There is one question you need to ask yourself when you want to know how the general public treats their data privacy.
“Where does my poop go?”
That’s the metaphor we’re using today.
Most people have no idea where their poop goes after they flush the toilet.
And unless you’re a civil engineer, a plumber, or someone who works for a local government, you might be shocked by the answer.
The truth is, most large cities, especially the older they are (over 700 in the USA alone) have what is called a mixed or combined sewer system.
“Challenges and Combined Sewer Overflows. Overflows happen when combined sewers are overwhelmed by heavy rain. Every year, combined sewer overflows (CSOs) release about 850 billion gallons of untreated sewage and stormwater into lakes, streams, and rivers across the United States.” (source: EPA)
That’s right, when the chocolate tinted sludge meets the storm sewers below ground, if there is more than the treatment plants can handle, then it heads into the closest large body of water or river.
Untreated raw sewage straight into your water…
It Gets Worse
A 2015 study found that emergency room visits for gastrointestinal distress increase after a heavy rain. These illnesses are believed to spike after a storm because rainwater washes pathogens into lakes and rivers used for recreation and drinking water.
Sewage backups, overflow from combined sewer systems, and other environmental issues, such as pet waste and fertilizer run-off can cause local issues when the water is re-introduced to drinking water sources, or backups cause contaminated water to overflow in public streets and parks.
What Does This Have to do With Facebook & Privacy?
The problem with privacy is that almost no one has any idea how any of the systems function that they use every day.
People don’t know what happens to their poop when they flush the magic silver lever on their throne, or who owns it once it’s gone.
Just like the 80% of Americans who don’t know where their poop goes when it leaves the pipes from their home, over 95% of Americans polled had no idea what data they are allowing to be used and sold from just the top 10 apps on their smartphones.
Every Terms of Service Agreement you didn’t read but agreed to, contains vague legalese about storing, selling or using your data.
You trade convenience for privacy.
The irony is that Americans say they care about protecting their data. Pew Research found that being in control of who can get information about us is “very important” to 74% of Americans.
Researchers estimate would take 76 hours a year to read all the user agreements we have to agree to, and clicking “No” often means not using a tool that you may actually need to navigate, communicate or do their jobs.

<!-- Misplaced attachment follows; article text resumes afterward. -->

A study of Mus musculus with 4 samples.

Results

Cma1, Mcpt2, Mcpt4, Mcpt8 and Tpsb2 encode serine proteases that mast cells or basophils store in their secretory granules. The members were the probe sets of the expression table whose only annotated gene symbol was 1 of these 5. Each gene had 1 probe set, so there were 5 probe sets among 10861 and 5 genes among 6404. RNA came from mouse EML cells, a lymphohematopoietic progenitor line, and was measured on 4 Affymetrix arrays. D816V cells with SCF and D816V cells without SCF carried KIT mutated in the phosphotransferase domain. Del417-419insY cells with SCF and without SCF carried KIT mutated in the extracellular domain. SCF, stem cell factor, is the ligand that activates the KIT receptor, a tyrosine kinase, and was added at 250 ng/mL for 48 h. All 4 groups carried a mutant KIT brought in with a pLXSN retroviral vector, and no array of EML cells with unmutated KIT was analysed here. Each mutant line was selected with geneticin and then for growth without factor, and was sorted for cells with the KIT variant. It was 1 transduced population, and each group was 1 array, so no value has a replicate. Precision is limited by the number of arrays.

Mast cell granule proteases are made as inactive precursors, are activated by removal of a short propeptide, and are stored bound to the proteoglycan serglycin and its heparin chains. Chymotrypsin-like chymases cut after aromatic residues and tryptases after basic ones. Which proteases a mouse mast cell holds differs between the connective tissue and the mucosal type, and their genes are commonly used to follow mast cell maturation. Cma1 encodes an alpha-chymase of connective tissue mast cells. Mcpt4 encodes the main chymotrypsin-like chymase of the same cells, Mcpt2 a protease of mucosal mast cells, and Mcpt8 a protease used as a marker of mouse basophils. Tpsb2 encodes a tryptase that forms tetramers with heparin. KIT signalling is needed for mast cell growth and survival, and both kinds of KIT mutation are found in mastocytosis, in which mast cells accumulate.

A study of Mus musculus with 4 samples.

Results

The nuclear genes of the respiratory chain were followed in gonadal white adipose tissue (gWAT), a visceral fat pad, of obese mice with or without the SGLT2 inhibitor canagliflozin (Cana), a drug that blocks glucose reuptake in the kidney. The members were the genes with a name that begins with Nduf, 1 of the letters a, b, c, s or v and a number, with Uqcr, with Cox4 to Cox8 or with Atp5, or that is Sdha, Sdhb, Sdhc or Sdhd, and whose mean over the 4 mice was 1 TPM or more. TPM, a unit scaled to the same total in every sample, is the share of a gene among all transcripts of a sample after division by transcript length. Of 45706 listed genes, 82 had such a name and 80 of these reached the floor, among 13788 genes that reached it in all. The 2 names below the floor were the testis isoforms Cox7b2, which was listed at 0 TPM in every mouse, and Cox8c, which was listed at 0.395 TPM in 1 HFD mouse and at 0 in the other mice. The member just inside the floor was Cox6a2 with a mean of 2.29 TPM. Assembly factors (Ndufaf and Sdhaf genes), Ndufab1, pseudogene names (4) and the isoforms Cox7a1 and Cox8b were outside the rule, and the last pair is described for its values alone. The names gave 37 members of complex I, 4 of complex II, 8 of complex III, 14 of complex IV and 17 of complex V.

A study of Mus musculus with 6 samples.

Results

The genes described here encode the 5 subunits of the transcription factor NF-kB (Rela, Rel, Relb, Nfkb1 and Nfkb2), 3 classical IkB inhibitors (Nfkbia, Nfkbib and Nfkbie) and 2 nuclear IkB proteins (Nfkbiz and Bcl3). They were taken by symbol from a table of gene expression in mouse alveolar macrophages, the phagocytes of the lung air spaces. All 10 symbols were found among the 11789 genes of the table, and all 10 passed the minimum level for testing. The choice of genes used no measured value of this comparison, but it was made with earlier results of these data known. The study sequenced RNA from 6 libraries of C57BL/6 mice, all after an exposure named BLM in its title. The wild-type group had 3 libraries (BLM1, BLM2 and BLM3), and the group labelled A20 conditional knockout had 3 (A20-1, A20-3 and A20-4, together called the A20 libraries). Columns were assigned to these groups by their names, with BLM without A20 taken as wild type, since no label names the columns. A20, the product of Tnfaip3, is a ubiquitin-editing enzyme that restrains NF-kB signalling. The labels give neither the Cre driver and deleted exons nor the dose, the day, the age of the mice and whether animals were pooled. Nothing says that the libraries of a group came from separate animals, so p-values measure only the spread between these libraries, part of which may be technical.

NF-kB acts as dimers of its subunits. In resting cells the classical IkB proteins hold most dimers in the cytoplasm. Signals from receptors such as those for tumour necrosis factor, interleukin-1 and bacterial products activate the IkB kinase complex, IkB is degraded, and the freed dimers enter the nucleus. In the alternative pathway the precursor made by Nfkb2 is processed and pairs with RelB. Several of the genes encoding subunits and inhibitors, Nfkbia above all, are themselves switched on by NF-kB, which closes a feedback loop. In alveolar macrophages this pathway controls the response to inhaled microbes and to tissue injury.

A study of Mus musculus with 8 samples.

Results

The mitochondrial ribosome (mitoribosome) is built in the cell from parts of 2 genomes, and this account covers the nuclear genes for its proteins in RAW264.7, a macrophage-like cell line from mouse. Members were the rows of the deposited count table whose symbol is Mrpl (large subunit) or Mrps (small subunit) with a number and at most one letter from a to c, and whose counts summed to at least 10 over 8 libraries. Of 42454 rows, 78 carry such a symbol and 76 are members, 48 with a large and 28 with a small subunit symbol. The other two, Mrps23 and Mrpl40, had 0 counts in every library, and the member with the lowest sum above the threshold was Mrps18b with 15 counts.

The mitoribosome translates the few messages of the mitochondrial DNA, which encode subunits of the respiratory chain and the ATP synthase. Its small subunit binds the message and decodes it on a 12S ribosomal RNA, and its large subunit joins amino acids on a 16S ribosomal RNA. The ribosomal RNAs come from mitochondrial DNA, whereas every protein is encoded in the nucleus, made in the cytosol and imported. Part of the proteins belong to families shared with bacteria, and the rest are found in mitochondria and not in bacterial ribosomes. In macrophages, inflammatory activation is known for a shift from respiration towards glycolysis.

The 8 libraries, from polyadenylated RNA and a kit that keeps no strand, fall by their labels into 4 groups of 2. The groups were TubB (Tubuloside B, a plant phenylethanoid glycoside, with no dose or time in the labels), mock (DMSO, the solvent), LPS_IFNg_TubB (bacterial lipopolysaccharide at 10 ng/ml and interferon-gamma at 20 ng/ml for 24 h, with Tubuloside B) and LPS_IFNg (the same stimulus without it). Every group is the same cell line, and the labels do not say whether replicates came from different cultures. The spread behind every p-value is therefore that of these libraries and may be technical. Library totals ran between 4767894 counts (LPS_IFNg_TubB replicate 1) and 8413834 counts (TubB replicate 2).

Sure, you can get your groceries delivered. But then the app, the store, and even the store clerk and the delivery boy know what you ordered. The stores then use that information to target things like coupons, advertisements, and other promotions to you.
The feedback from most people on the Facebook Senate Hearings is that the people who make decisions in the USA, don’t have any idea how the most common applications on the planet work at even the most basic level.
Have any free apps on your phone or your kid’s ipad?
Do you use Waze or Google Maps, or Apple Maps, or any GPS enabled device?
Do you think that Google isn’t indexing information from your GMail account, or Yahoo Mail or Hotmail, or Live Mail?
Ever watch a YouTube video or go to a website – any website… ever?
Your data is out there.
…and someone has even more of it than Facebook.
…and the man behind the curtain is Google!
Facebook Didn’t Have a Data Breach
If you want to know where your poop goes, at least when it comes to the misreported “Facebook Data Breach” you should read this article. Because everything everyone told you about it in the news media is a lie.
People are upset over Facebook’s allowing the use of data collection on friends that was patched in 2014. But what about the companies like Equifax losing your social security number or companies like Home Depot, TJMax, Target, Heartland, or Sears losing your credit card data?
Understand what you’re giving away when you download that app, or use that device or service.
Understand that when you walk into a modern chain store, they have your photo, your name, your payment card, and purchase information.
Equifax never asked you if they could track your credit, your social security number, or your loans and credit card data and then lose it all for 143 million people.
But we’re demonizing Facebook because they know you like cats and voted for Nader.
I’m not saying Facebook doesn’t have work to do, but at least they are honest about their intentions.
They aren’t “selling your data” because that would mean giving away their competitive advantage. They are using your data to target advertisements you are more likely to click on. To see what types of content you want to see more of.
To give you more of the things you are training your Facebook feed to show you.
Facebook is a tool – a powerful tool.
A company like Equifax is a bunch of crooked crooks.
Maybe it’s time we aim the angry mob in the right direction.